Islam

Introduction

Say: God is One. God is Independent.He neither sired, nor was He sired.And no thing compares to Him.

Quran 112:1-4

Islam’s creative gift to mankind is monotheism, And we surely dare not throw this gift away.

Arnold Toynbee

The word Islam means, “surrender” to the will of God (Allah in Arabic). A person who follows the will of God as revealed in the holy Quran is called a Muslim. Muslims are those who believe in one God and in Muhammad as the final Prophet of God. They devote their lives to the service of God, the Creator and Sustainer of the universe. Islam is the fastest growing religion in the world. Indeed, one out of every five persons on this earth is a Muslim and there are nearly 3 million Muslims living in United Kingdom and the number is growing daily.

Islam teaches that God is the source of all creation and that human beings are the best of His creation. He communicates by inspiring them towards goodness and by sending Prophets who deliver God’s message. Muslims believe that the first Prophet was Adam followed by a long chain of Prophets to guide humanity. The Qur’an, according to Muslim belief, is the word of God revealed to Prophet Muhammad. It mentions many other Prophets like Noah, Abraham, Isaac, Ishmael, Moses, Jacob, Joseph and Jesus as well as revealing guidance as to how Muslims should organise their daily lives. All the prophets brought essentially the same message which is to believe in only one God and to obey him in all things.

Nothing is said  to thee (Muhammad) save what was said unto the messengers before thee. 

Quran 41:43

The Prophet Muhammad (PBUH) was born in Mecca in the year 570 A.D. The word Muhammed in Arabic literally means “The one who is praised a lot”. As Martin Lings says in his famous biography of the Prophet “`she (the prophet’s mother Amina) heard a voice say to her: “Thou carriest in thy womb the lord of his people; and when he is born say: ‘I place him beneath the protection of the One, from the evil of every envier; then name him Muhammad.” Muhammad was a very truthful and honest person. He was also very pious and detested the moral decadence of his society. At the age of forty, God asked him, through the angel Gabriel, to proclaim the religion of Islam.

Read (commencing) with the Name of Allah, Who has created (everything). He created man from a hanging mass (clinging) like a leech (in the mother’s womb). Read and your Lord is Most Generous, Who taught man (reading and writing) by the pen, Who (besides that) taught man (all that) which he did not know.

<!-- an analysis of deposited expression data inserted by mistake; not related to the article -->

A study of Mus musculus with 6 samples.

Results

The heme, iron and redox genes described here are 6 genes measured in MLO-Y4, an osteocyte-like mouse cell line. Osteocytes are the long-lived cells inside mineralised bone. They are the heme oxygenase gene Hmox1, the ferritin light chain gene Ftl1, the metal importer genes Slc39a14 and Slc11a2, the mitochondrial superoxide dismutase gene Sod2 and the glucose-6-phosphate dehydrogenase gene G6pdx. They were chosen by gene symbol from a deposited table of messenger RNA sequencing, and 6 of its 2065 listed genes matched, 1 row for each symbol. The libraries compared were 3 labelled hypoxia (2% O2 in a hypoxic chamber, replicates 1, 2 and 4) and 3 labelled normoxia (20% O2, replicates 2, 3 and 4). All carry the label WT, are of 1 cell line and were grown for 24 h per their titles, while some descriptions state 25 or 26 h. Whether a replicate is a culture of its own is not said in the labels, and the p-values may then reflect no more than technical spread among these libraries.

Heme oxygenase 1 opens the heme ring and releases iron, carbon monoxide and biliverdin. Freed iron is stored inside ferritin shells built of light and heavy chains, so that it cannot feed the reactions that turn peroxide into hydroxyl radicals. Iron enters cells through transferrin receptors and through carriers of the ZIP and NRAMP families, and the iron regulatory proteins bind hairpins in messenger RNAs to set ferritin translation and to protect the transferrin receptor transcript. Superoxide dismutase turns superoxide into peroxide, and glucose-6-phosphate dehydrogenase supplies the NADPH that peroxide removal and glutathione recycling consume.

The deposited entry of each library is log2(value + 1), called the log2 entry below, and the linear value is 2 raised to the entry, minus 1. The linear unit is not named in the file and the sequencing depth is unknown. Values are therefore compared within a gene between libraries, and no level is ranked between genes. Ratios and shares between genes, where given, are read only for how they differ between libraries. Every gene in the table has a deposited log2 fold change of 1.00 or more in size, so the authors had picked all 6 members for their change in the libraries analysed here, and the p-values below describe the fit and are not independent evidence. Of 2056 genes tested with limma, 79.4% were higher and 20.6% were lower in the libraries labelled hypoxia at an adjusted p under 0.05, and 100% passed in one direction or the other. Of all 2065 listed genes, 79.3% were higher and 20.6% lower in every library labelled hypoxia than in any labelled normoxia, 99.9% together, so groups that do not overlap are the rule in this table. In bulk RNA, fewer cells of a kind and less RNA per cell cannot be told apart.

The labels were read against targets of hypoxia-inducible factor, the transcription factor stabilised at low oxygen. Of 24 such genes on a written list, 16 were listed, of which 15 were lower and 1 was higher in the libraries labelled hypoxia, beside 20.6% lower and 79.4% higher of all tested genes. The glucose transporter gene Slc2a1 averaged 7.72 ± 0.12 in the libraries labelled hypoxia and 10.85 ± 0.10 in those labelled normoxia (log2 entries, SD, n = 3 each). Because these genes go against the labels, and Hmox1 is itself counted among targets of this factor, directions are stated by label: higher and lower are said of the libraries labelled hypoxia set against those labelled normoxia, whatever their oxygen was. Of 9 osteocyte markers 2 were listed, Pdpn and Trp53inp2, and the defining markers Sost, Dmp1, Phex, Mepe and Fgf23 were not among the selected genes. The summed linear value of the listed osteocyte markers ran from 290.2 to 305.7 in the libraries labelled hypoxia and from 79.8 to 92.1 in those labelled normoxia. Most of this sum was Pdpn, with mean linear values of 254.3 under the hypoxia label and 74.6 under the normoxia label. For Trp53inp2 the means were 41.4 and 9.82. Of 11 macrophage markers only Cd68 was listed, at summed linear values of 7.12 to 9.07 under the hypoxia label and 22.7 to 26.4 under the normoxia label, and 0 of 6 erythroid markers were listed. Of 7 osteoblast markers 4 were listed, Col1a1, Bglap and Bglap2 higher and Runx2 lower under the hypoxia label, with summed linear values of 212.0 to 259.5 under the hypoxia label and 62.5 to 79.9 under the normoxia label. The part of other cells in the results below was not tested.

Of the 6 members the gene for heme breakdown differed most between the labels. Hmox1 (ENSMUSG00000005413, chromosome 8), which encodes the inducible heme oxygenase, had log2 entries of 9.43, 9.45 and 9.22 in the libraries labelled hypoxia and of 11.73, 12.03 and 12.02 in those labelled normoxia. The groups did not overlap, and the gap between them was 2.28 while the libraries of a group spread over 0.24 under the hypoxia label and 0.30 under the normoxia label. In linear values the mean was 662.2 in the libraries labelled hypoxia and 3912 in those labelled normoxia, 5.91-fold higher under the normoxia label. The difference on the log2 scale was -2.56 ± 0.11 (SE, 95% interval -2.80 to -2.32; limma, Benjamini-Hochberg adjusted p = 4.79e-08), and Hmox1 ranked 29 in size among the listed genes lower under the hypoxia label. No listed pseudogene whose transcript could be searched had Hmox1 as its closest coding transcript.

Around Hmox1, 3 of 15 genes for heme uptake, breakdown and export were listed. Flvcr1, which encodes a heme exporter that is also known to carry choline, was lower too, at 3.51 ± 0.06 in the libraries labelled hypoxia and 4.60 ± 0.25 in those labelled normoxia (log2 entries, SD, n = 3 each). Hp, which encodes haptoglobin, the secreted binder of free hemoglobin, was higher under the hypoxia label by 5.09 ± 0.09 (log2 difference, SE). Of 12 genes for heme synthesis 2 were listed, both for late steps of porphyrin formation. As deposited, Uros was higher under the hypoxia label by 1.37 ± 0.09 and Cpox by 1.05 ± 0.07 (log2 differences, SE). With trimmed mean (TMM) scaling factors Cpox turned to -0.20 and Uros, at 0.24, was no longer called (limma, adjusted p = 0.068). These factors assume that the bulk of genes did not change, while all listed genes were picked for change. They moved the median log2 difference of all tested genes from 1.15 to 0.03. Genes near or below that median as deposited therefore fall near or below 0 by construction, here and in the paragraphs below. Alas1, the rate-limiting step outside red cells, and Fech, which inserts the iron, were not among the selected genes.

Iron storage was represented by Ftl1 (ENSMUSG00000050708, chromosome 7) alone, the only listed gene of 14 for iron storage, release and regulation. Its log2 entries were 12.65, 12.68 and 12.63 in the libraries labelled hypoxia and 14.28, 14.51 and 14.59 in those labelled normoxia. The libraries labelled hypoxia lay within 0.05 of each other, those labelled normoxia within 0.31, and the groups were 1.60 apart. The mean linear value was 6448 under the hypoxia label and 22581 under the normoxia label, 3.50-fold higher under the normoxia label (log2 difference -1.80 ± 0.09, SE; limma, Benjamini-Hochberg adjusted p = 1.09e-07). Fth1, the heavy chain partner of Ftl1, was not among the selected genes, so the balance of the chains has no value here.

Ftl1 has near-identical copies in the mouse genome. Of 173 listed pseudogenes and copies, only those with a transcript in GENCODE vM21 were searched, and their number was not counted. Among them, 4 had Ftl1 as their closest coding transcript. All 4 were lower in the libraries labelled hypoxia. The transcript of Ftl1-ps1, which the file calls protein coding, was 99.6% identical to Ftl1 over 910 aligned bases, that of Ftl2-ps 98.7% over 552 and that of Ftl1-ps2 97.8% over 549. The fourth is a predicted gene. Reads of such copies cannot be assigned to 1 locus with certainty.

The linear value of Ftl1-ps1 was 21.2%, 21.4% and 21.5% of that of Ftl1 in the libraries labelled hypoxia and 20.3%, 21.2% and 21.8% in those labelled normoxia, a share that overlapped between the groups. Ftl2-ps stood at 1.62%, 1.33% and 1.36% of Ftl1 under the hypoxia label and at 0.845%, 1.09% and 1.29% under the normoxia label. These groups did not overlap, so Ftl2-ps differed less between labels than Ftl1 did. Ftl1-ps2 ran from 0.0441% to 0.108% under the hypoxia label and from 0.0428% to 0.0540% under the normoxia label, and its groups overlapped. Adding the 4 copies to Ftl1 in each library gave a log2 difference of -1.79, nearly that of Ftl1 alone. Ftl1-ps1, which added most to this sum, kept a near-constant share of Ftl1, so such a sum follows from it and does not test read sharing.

Quran 41:43

Pillars of Islam

There are 5 fundamental pillars which Islam is built upon. They are:

1) Testification (shahadah), the proclamation that there is no God except Allah and thet the prophet Muhammed (PBUH) is his messenger.

2) The five daily prayers (salaat). They are inherently fundamental to leading life as a good Muslim as it is only through worship and good deeds that we may seek to attain forgiveness for our sins.

3) Giving Charity (Zakat). Zakat literally means purification and is an annual contribution that affluent Muslims need to make to the poor and needy. Through this the rest of the money a person earns becomes ‘purified’ and lawful to consume.

4) Fasting (Sawm). This is the compulsory fasting of the complete month of Ramadan from dawn till dusk for the sake of Allah. Ramadan is the 9th month of the Islamic calendar and fasting consists of abstention from food, drink and sexual intimacy. The act of fasting is said to redirect the heart away from worldly activities, its purpose being to cleanse the soul by freeing it from harmful impurities. Ramadan also teaches Muslims how to better practice self-discipline, self-control, sacrifice, and empathy for those who are less fortunate; thus encouraging actions of generosity and compulsory charity (zakat).

5) Hajj, the yearly pilgrimage to Mecca. This is mandatory on Muslims to complete at least once in their lifetimes if they are able. The gathering during Hajj is considered the largest annual gathering of people in the world. The Hajj is a demonstration of the solidarity of the Muslim people, and their submission to Allah. The word Hajj means “to intend a journey” which connotes both the outward act of a journey and the inward act of intentions.